How Utah’s new coronavirus restrictions came to be, and why some lawmakers are fuming

(AP Photo/Rick Bowmer, File) In this April 15, 2020, file photo, Utah Gov. Gary Herbert wears a mask during a news conference, in Salt Lake City. Herbert declared a state of emergency, Sunday, Nov. 8, 2020, and ordered a statewide mask mandate in an attempt to stem a surge in coronavirus patient hospitalizations that is testing the state's hospital capacity.

The statewide mask mandate announced by Gov. Gary Herbert on Sunday night has been in the works for more than a week. It is part of a new approach to combating the wildfire-like spread of the coronavirus.

He generally has the support of Utah’s legislative leaders, but the changes aren’t going over well with some lawmakers, who worry the governor has overstepped his bounds.

Herbert accelerated talks on new restrictions shortly after meeting last week with Dr. Robert Redfield, director of the Centers for Disease Control and Prevention, and Dr. Deborah Birx, who is part of the White House Coronavirus Task Force. Those discussions included top Republican lawmakers and medical experts.

The talks included a serious discussion of shutting down schools again and a “targeted” approach to closing some businesses — mostly bars, restaurants and gyms. Those suggestions ran into significant headwinds and did not make it into the final document. Herbert’s new orders require no businesses to close, though bars and restaurants now must stop serving alcohol at 10 p.m.

[Read more: How to navigate Utah’s emergency COVID-19 order: Schools, bars, football and more]

“There’s really no data to show that businesses are the problem when it comes to spreading the virus,” says House Speaker Brad Wilson, R-Kaysville, who was involved in the discussions leading up to the new emergency order.

Senate Majority Whip Dan Hemmert, R-Orem, would not reveal what was discussed in the closed Republican caucus Thursday, but said another closure of schools or businesses would be problematic.

“I’m concerned a line would be crossed if you shut things down again,” Hemmert said.

The governor’s office said shutting down schools was not seriously discussed since Birx and Redfield thought Utah had a good approach toward schools and should keep them open.

The fines for businesses included in the final order are much lighter than what was under discussion. At one point, financial penalties for individuals participating in large gatherings were considered but set aside because the idea raised significant constitutional questions and might be outside the scope of the governor’s emergency powers. Instead, the fines announced Sunday night would be for businesses that failed to enforce the mask mandate. Those fines would be levied by the Utah Labor Commission.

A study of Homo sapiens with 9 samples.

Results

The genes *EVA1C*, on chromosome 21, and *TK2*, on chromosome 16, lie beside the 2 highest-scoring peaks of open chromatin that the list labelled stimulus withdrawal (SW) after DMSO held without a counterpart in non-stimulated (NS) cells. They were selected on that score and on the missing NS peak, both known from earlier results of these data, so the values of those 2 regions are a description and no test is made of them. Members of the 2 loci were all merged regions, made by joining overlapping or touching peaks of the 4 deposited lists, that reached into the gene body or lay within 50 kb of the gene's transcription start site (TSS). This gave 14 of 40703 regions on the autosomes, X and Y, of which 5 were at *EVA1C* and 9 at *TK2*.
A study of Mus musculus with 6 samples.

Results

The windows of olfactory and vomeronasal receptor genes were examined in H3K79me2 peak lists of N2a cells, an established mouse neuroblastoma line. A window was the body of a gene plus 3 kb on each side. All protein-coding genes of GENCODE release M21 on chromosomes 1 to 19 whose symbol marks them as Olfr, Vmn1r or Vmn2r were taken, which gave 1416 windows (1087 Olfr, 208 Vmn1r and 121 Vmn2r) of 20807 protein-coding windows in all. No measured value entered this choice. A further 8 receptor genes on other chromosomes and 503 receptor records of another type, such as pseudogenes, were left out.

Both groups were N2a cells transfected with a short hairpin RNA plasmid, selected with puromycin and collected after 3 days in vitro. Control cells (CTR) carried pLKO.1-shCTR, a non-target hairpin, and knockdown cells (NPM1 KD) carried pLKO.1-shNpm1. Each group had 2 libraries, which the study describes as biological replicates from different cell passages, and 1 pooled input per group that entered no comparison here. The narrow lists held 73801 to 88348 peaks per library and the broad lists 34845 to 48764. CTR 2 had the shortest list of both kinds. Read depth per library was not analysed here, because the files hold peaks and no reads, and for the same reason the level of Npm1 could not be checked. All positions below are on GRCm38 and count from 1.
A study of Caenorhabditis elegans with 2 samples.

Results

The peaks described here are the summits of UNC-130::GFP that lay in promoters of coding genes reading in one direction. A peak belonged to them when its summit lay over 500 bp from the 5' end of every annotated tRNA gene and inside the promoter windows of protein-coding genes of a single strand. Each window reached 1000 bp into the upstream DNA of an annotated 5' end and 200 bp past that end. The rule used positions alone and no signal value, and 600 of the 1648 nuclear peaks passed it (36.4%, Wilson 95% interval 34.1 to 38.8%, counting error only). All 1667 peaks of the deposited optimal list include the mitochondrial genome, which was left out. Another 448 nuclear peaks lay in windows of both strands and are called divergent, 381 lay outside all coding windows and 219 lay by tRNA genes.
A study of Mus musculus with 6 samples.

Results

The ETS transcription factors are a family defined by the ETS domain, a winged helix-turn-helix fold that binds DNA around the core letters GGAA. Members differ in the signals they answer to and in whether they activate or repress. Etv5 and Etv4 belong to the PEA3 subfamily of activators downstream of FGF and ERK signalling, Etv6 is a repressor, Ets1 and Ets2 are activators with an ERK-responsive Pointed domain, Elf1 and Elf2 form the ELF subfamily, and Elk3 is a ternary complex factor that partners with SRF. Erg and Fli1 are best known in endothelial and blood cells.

But, even fining businesses is causing heartburn among some lawmakers who were caught off guard by its inclusion.

“I don’t have a problem with asking people to wear a mask, but you don’t need to enforce it with penalties and fines,” Wilson said. “Everyone in my office is wearing a mask, and they would have done it without being told there is a penalty.”

The general support of legislative leaders make it much less likely that lawmakers will call themselves into a special session and potentially override the new restrictions, an ability legislators gave themselves during a special session in the spring.

Republican legislators in the House and Senate were informed about the new emergency order on Thursday when they gathered for their post-election caucus meetings. But they were given few details about what it might contain. Democratic lawmakers were aware that some discussions were happening, but they were not informed about the new order or what it contained until Sunday afternoon, a few hours before it was released.

Not everybody on the Hill agrees with how it turned out. A statewide mask mandate, which will continue for the foreseeable future, and the potential business fines are causing concern. Rep. Phil Lyman, R-Blanding, blasted the new strategy in an email to his colleagues shared with The Salt Lake Tribune. He demanded a special session.

“This is not acceptable. The Legislature has been sidelined through this entire episode,” Lyman wrote. “Please, let’s follow South Dakota’s lead, not California’s.”

South Dakota has taken a more laissez-faire approach to the virus than Utah, implementing few restrictions. It also has a more severe outbreak. More than 100 people there have died from the virus in the first eight days of November.

“I don’t care if we lack the votes to overturn this bogus exercise of authority. I want my vote counted,” Lyman wrote.

However, he may find himself in the minority on the Hill, as more elected officials acknowledge a different approach is needed in the face of the current spike.

“My sense is that these skyrocketing positive infection numbers have dampened the libertarian fervor to a significant degree,” said House Minority Leader Brian King, D-Salt Lake City.

“This is a hard issue,” said Wilson, acknowledging the tightrope the state is walking with this new approach. “We all want what’s best. We want people to be safe.”